2021-2022 All-School Handshake: A tradition brought back

Photo Courtesy of LFA’s Instagram

Mr. Jose De Jesus fist bumps students during the 2021-2022 All School Handshake



    This year’s All-School Handshake is perhaps one of the most momentous ones in LFA history. Primarily, because of the absence of this ceremony last year, and the modifications made to it the year prior. During the 2020-21 school year, one of LFA’s most cherished traditions wasn’t able to be held due to COVID-19 restrictions. Before that, the All-School Handshake had untraditionally taken place in Cressey during the 2019-20 school year due to weather conditions.

    Coincidentally, the All-School Handshake has not been performed traditionally since Head of School Jose De Jesús arrival at LFA. Despite the event still not being entirely normal due to the present restrictions, during an interview, De Jesús mentioned how “that feeling of looking at everybody’s eyes is just a powerful feeling; it’s a reminder that we are a community.” When asked about whether he felt the tradition had been broken over recent years, he said he didn’t believe that to be the case. 

    “We were gonna use 470 foam fingers [for last year’s all-school handshake] but we probably would have been violating some of the guidelines if we did it. The fact that we bought the foam fingers and the fact that Mr. Freeman and Mr. Tennyson spent hours the night before designing a plan for Cressey [the year before], we’ve shown as a community how much the tradition  matters.” Hence, De Jesús feels as if the tradition hasn’t really been broken considering the efforts made to go on with the All-School Handshake.

    Along with other efforts put into this year’s All-School Handshake, Anna Kliner, Director of Health Services School played a crucial role in being able to uphold this tradition. In an interview with Kliner, she discussed the hours of planning that went into making sure the  All-School Handshake was safe and followed all regulations.  It was not an easy decision to make, many concerns crossed the minds of the Health and Wellness Committee members. 

    “There is a group of people  who are essential to the well being of the school. There was a lot of back and forth on whether we should carry it through or not but in the end, we decided that if we were going to bring back traditions, now was the chance” stated, Kliner.

    “Our job as adults is to not enforce the rules but to remind you as students as to why they are there. We are not supposed to tell you “no”, we are supposed to give you reasons as to why restrictions are put in place. We knew from the start that it would be risky but we would do many walkthroughs and re-check in with each of our plans and guidelines to make sure they were in the best interest of our students and keeping you guys safe” expanded Kliner.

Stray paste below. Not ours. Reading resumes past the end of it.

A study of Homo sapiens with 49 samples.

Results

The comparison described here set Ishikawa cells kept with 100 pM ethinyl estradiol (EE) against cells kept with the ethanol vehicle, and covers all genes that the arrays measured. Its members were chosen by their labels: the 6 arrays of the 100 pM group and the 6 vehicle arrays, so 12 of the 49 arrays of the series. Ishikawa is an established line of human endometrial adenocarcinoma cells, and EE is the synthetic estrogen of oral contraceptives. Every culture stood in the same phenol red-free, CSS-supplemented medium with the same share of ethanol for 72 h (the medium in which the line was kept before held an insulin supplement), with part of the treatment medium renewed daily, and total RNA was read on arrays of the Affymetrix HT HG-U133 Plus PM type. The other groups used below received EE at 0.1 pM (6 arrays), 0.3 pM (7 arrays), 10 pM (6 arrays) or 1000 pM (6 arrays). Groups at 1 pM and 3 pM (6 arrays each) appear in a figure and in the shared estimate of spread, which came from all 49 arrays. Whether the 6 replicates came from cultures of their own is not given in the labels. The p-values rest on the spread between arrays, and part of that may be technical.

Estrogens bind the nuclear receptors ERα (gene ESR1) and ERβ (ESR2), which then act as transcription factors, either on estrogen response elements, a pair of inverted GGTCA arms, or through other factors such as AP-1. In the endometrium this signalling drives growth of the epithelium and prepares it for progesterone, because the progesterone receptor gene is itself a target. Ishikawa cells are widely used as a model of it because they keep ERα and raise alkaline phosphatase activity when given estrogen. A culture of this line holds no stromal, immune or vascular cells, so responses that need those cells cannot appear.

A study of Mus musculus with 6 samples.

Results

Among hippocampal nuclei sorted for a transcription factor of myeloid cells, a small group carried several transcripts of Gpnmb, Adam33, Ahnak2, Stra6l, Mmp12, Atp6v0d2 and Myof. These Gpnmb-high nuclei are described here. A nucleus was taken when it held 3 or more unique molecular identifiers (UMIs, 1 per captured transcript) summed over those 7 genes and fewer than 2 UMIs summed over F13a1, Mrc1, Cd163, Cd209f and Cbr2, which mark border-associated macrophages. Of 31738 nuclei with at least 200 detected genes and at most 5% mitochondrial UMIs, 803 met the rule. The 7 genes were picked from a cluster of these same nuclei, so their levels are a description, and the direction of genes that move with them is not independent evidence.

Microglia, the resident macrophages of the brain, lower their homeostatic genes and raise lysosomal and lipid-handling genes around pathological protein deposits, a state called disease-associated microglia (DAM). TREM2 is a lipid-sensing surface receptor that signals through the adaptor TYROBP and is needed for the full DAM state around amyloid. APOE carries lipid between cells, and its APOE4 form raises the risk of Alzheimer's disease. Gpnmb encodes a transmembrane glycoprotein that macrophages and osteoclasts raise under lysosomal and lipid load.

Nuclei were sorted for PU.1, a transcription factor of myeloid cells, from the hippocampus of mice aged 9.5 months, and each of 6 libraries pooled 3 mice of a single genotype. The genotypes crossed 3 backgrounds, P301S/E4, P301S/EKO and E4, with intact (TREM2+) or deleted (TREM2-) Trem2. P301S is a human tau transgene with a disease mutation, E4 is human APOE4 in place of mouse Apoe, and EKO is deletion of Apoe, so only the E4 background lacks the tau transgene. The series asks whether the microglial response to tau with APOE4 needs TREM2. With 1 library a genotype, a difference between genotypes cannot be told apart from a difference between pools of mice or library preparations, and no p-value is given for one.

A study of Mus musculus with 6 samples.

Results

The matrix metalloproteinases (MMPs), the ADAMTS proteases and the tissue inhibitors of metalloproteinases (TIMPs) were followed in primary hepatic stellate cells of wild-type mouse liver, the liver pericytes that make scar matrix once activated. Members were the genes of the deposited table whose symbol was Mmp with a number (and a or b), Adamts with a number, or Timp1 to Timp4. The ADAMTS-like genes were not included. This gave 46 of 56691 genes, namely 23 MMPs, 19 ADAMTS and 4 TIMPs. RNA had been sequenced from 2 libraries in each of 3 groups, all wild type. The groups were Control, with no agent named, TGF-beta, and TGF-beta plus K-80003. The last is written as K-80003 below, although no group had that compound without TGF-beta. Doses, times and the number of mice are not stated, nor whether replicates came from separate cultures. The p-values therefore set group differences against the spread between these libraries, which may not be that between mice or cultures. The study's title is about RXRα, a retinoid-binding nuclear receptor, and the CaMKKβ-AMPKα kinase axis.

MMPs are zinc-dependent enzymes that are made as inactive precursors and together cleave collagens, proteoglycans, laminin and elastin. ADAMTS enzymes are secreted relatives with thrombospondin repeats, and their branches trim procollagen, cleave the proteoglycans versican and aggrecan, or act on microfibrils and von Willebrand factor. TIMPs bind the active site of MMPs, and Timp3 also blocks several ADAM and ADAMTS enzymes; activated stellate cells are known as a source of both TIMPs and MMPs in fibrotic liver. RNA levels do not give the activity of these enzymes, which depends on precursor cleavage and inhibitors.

When asked why it was acceptable to hold the All-School Handshake this year and not last year, Kliner explained the changes that have taken place since August of 2020. “The vaccine rates in our community are high. With more students and faculty members getting vaccinated, we were assured it was safe to hold the tradition outside and masked. We know more about the virus and how it transmits. COVID is transmitted through breathing and if all community members were masked, distanced and gave a wave or fistbump instead of a handshake, there would be a very slim chance of a spread” explained Kliner. 

    “Many precautions were taken as well, such as testing of our unvaccinated population” concluded Kliner. These precautions being taken made students feel more comfortable in taking part in the All- School handshake.

    One of these students was Safiya Nicol ‘22, who was joyful to have the tradition back as a senior, “It was one of the first LFA traditions I was introduced to, and I’m happy that it could be one of the last as I kick off my senior year!”

    However, Nicol believes that the tradition was broken, with good reason as “it’s honestly better to be safe than sorry, whether that’s not standing outside in the rain, or just keeping everyone safe with only a fist bump or wave”. 

While precautions were taken, some students decided to opt-out for their safety and comfort. In an interview, Jordan Sebolt ‘23 discussed how he decided not to participate in the All-School handshake this year. 

“While the school did a very good job making the tradition safe, I still decided to not partake in it because I thought it was too risky. COVID is still very much alive and I want to make sure that LFA can comply with the COVID regulations as soon as possible” expanded Sebolt. “I just want some normalcy to come back to the LFA community and if that meant not participating in one tradition, so be it” concluded Sebolt. 

All in all, the community was rejoiced to have this tradition back and is optimistic that the school will gain some regularity this school year.